Louisiana televangelist seeks donations for $54M private jet: report
A Louisiana-based televangelist is asking his followers to donate money for a $54 million jet that can “go anywhere in the world in one stop,” The Times-Picayune reported.
Jesse Duplantis, 68, a Christian minister based in Destrehan, about 25 miles east of New Orleans, says his ministry has paid cash for three private jets.
“You know I’ve owned three different jets in my life and used them and used them and just burning them up for the Lord,” Duplantis says in a video posted to his ministries’ website.
Duplantis is now reportedly seeking the funds for a Dassault Falcon 7X, worth $54 million.
The problem with the previous jets, he says, is that they require multiple stops to refuel. But flying the Falcon 7X, Duplantis says, will allow him to save money and not pay “those exorbitant prices with jet fuel all over the world.”
I really believe that if Jesus was physically on the earth today, he wouldn’t be riding a donkey … He’d be in an airplane preaching the gospel all over the world.
“I really believe that if Jesus was physically on the earth today, he wouldn’t be riding a donkey,” Duplantis says in the video, “He’d be in an airplane preaching the gospel all over the world.”
Duplantis’ video comes after another televangelist, Kenneth Copeland in Texas, purchased the Gulfstream V jet for $36 million.
Both televangelists defended their use of private jets during a joint appearance on Copeland’s program, saying that commercial airlines are filled with “a bunch of demons” that get in the way of their busy schedules.
Televangelist says God told him he needs 4th private plane
Jesse Duplantis, a televangelist with viewers across the globe, says God told him he needs a new jet.
Specifically, God told Duplantis he needs a Dassault Falcon 7X, a three-engine private jet capable of carrying 12 to 16 passengers at speeds up to 700 miles per hour. The Falcon 7X, which would be the fourth plane owned by Jesse Duplantis Ministries, has a range of almost 6,000 miles and costs about $54 million new, according to SherpaReport (although used ones are listed online for as little as $20 million).
“Now, some people believe that preachers shouldn’t have jets,” Duplantis said in a video posted last week. “I really believe that preachers ought to … have every available outlet to get this Gospel preached to the world.”
In fact, Duplantis said that “if Jesus was physically on the Earth today, he wouldn’t be riding a donkey.”
“He’d be in an airplane preaching the Gospel all over the world,” he said.
Duplantis said God told him he needed the plane “in one of the ‘greatest statements the Lord ever told me.'”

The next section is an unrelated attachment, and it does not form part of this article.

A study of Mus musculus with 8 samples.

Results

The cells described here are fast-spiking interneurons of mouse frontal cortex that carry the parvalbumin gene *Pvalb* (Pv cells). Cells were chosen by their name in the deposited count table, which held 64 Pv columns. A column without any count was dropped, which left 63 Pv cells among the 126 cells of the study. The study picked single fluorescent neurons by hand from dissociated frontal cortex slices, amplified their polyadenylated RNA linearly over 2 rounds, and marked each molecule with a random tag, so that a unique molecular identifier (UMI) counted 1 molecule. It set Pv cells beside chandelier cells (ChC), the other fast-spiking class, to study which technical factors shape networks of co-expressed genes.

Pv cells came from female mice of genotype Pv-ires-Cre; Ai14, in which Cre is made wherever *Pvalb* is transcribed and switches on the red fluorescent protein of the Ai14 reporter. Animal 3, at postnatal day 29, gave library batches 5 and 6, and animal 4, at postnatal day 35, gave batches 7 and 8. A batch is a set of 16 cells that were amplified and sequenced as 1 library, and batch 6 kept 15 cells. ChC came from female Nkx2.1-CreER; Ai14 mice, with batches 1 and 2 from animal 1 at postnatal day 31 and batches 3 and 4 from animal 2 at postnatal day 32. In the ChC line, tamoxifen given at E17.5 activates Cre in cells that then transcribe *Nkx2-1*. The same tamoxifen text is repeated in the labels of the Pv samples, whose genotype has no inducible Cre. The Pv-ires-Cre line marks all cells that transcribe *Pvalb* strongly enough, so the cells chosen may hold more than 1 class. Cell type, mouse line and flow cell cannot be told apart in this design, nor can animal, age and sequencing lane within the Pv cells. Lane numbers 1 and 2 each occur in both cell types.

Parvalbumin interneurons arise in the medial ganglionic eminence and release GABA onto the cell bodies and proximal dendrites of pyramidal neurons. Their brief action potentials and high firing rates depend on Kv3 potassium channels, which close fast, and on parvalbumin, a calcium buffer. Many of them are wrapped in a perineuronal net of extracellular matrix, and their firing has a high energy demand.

“He said, ‘Jesse, you wanna come up where I’m at?'” according to Duplantis.
“And I said, ‘What do you mean?'”
“He said, ‘I want you to believe in me for a Falcon 7-X.”
“So, I said, ‘OK.’ But the first thing I thought of: ‘Well, how am I going to pay for it?'”
Duplantis said he then recalled something God told him in 1978. “‘Jesse, I didn’t ask you to pay for it, I asked to believe for it.'”
The preacher explained that he was interested in full transparency.
“I like all people to know exactly what I’m doing in this ministry,” Duplantis said. “We don’t hide nothing whatsoever at all.”
Duplantis explained that he wouldn’t personally own the plane. Rather, the plane would be owned by the ministry and would be used by the next person to take it over after his death.
God instructed Duplantis to “preach the Gospel to every creature,” he explained.
“Now how we gonna do that?” he asked. “I can’t live long enough to travel by car, or by ship, or by train, but I can do it by an airplane.”
“All it’s gonna do is touch people,” Duplantis said of the plane. “It’s gonna reach people. It’s gonna change lives, one soul at a time. I don’t want to learn how to fly it, I’m not interested in that. I’m interested in preaching the Gospel of the Lord Jesus Christ.”
He showed off a photo of the three planes currently owned by his ministry, bearing the caption, “It’s not about possessions, it’s about priorities.”
Duplantis also said he was excited about the U.S. moving its Israeli embassy to Jerusalem. He said that tells him that the end time is “coming fast ladies and gentlemen.”
In 2015, Duplantis appeared in a video with fellow televangelist Kenneth Copelandwhere they defended their need for private jets.
Copeland explained that because they are famous, they would have people coming up to them and asking for prayers.
“You can’t manage that today,” Copeland said. “This dope-filled world, and get in a long tube with a bunch of demons. And it’s deadly.”
“And it works on your heart,” Duplantis agreed. “It really does.”